The Wisconsin Economic Development Corporation (WEDC) and the Lieutenant Governor’s office were in Siren on Tuesday June 15, noting a $47,000 WEDC grant award for the Softec facility in Siren, which does virtual heavy equipment training.
Lt. Gov. Mandela Barnes was on hand and praised the opportunity the Softec offers, while also noting that it is part of the answer for the state’s ‘brain drain’ that can occur with high school graduates seeking jobs or education in other states, some with dramatically warmer weather.
“We’ve at least got to have the jobs, even if we don’t always have the best weather!” Lt. Gov. Barnes joked. “We’ve got to make sure we’re promoting our best selves and opportunities, to attract other people to the state.”
WEDC director and CEO Missy Hughes was also on hand, and cited the Softec program as an example for the
whole state to follow. “Helping entrepreneurs is really important,” Dir. Hughes said, citing the example of the pandemic as a tie when unusual or innovative programs are available and encouraged. “This is an effort to give every individual a chance to succeed and it (Softec) gives everyone a path to sustaining careers and jobs that allows (people) to raise a family.”
Softec founder Tim D’Jock outlined the six-week accelerated training program, which sues exotic simulators to train heavy equipment operators, but how they have grand plans for a dramatic expansion.
“We have a training gap,” D’Jock said, citing not only on-the-job training, but the need for ‘soft skill training’ for people outside of technical skills. “Our goal at Softec is to expand the program and help to create future trainers.”
The WEDC grant is specifically pointed toward such expansions of both facilitates and training, and D’Jock noted how the 35 program graduates for heavy equipment operations includes a diverse group, including 20-percent female, which they are hoping to expand even further.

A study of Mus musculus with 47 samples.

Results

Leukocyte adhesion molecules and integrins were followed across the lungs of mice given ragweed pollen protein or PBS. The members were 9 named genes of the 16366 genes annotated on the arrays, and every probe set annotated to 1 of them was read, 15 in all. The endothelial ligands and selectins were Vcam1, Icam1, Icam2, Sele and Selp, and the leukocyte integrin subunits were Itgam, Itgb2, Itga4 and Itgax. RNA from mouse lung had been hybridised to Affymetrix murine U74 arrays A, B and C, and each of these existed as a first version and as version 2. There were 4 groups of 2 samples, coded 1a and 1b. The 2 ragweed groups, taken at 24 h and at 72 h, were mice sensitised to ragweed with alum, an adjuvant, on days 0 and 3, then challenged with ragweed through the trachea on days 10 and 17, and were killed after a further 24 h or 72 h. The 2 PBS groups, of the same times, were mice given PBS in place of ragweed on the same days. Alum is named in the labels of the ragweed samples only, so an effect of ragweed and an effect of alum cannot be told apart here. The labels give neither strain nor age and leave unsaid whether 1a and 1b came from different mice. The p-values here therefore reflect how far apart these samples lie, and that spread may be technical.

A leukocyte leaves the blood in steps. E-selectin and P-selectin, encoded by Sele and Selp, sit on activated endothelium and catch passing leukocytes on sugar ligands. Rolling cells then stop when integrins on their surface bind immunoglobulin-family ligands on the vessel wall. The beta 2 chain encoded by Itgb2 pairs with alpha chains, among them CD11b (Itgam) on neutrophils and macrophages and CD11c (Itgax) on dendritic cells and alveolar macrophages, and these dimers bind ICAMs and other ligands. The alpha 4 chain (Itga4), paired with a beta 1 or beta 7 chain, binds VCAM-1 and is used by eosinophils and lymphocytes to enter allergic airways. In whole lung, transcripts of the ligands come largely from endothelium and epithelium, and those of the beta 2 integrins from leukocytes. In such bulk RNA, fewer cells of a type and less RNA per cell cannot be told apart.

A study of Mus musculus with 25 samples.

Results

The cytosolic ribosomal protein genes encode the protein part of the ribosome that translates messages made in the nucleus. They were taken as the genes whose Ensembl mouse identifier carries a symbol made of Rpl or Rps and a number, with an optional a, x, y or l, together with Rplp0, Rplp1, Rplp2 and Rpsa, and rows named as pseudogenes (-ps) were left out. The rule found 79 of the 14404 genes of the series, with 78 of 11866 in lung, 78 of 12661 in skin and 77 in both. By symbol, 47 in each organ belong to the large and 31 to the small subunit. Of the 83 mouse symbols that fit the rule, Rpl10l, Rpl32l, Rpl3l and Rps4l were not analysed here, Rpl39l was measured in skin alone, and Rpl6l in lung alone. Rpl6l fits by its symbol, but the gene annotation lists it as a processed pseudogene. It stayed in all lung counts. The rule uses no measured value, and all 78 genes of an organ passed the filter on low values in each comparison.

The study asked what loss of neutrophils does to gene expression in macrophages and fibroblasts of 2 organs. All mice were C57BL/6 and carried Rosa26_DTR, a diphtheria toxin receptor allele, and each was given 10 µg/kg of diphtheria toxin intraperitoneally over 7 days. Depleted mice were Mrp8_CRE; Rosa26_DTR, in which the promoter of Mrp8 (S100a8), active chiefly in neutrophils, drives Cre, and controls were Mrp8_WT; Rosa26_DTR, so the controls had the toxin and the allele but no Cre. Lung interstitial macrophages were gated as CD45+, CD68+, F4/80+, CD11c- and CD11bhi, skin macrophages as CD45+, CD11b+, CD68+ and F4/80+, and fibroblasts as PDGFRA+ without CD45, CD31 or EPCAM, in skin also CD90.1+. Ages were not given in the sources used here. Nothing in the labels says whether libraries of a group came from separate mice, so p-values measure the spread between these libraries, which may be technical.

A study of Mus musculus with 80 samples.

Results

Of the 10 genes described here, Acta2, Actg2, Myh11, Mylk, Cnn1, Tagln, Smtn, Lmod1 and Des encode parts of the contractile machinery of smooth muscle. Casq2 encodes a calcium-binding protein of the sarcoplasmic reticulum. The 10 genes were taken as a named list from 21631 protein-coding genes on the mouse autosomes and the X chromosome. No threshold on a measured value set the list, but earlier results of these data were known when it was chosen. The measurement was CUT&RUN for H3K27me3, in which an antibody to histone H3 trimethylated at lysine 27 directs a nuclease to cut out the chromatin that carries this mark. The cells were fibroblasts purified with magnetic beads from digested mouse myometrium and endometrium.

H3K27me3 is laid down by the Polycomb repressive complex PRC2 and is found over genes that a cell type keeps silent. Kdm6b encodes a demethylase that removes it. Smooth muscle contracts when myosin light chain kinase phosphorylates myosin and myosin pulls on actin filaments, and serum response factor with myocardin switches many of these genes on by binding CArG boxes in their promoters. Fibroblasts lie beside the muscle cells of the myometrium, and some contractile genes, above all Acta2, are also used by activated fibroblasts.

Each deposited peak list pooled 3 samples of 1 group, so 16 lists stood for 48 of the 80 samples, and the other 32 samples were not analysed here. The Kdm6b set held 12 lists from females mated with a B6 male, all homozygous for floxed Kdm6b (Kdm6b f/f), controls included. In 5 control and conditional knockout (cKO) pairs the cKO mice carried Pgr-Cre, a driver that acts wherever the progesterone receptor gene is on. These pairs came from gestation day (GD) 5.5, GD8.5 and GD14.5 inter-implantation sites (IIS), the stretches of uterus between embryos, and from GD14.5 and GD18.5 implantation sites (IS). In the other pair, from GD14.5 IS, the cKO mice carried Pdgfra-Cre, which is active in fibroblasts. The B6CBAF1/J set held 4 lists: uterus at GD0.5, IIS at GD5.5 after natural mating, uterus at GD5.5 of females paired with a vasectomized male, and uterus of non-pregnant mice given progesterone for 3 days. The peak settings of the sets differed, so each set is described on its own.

The event drew not only some of the biggest state names, but also local legislators Rep. Nick Milroy and State Senator Janet Bewley, who both noted the importance of such a program of rural areas of the state.
But the gradate testimonials also included Conrad St. John, a 2002 Siren High graduate, born and raised in the area, and the newest St. Croix Tribal Council member, set to be sworn-in next week. St. John is also a graduate of the Softec program, and was frank in his discussions, noting how he lost his job of 15 years with the pandemic, and decided to do the Softec program, while also running for a seat on the St. Croix Tribal Council.
“The simulator is so life-like!” St. John said with a smile. “And I’ll admit, the first week (of the program) was really hard. But by the third week, I was hooked!”
St. John also pledged support from the Tribal Community, and said the program offers huge opportunities not only for individual members but for the whole tribe.
“Hopefully, we won’t have to hire out as much for construction and other projects in the future,” St. John said. “The Tribe is behind this 100-percent.”
Burnett County administrator Nate Ehalt was also on hand and said the Madison contingency is important for the state to see what we have to offer, but also pointed out the other glaring problem.
“It seems like sometimes, they (in Madison) don’t understand what we don’t have!” Ehalt said, citing the need for more specific and accessible training for a variety of fields.
After several testimonials and questions, the Lt. Gov. and WEDC director engaged in a ‘friendly competition’ on the heavy equipment simulator, although the actual winner was not revealed.